Wire released an update for its secure communications app that allows people to choose between two settings: having their call history sent to iCloud, where law enforcement officials could use digital forensics software to access it, or ignoring one of the marquee features Apple introduced with iOS 10.
The feature, dubbed CallKit, allows third-party apps to notify their users about phone calls right on the iPhone lock screen. These apps were previously limited to sending a push notification about incoming calls--people couldn't swipe on the display to answer a call, decline a call from the lock screen, or view any detailed information about the caller. Apple changed that with iOS 10, and it also started to back up information about those calls to iCloud.
The company already synced call information via the cloud. This can be frustrating--people who share their iCloud accounts might not want someone else to know who they've called, for example--but it was limited to calls made with the built-in Phone app. It becomes more of an issue, however, when apps that people use specifically to avoid both governmental and personal surveillance have to sacrifice security for the sake of convenience.
That's exactly what happened. Elcomsoft, a digital forensics software maker that works with law enforcement officials around the world, revealed that police can access the call logs of any iPhone user if they have access to that person's iCloud account. Here's what the company said in a blog post:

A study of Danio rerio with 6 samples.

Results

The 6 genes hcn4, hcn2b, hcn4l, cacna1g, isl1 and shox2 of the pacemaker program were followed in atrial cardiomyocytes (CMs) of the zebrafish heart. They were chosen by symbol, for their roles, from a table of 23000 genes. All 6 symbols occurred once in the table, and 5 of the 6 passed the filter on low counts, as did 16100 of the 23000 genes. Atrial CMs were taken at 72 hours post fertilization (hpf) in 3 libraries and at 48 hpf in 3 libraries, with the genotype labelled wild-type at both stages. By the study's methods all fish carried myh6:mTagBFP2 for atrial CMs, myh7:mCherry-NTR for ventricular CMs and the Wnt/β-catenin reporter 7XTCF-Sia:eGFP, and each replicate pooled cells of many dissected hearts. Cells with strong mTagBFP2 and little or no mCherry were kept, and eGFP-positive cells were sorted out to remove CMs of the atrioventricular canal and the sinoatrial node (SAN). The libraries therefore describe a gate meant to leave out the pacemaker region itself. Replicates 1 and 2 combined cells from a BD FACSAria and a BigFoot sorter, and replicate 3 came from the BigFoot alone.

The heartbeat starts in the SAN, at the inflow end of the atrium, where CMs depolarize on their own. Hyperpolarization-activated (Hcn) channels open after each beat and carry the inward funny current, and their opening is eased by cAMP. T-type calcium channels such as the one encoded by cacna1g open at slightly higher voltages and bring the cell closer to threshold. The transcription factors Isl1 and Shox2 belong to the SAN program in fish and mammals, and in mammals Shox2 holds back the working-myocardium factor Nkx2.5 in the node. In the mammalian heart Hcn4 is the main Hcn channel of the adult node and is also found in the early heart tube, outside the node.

If somebody tries to download a backup created by your iPhone in your iCloud account, you will likely receive an email notification. This does not happen when somebody downloads synced call logs, which effectively allows spying upon you without you even knowing.
Elcomsoft said the only way to prevent this snooping is to disable iCloud Drive; people can also make it harder for criminal hackers to access this information with two-factor authentication. But if this information is backed up to iCloud, and government officials gain access to that account, there's no guarantee anyone will be able to stop tools like Elcomsoft's from gathering their personal data. (Or that they'll even know this spying happened.)
But there are other options. Developers can elect not to support CallKit, or at least to let their users decide if they want to prioritize their convenience or their privacy. Wire did just that with its latest update. Its users can choose to have information about calls received via the service appear on the lock screen, or they can stick with the less-convenient-but-more-secure notifications these apps had to use before iOS 10 debuted over the summer.
This shouldn't have to be a choice. Wire said in its blog post that CallKit is a "great step forward for better user experience and fewer missed calls," but that it had to allow people to disable the feature because it "knew that this was not going to be acceptable for users who’ve chosen Wire for our focus on privacy." Apple has effectively made the company--and other VoIP service providers--decide between annoying their users and keeping them safe.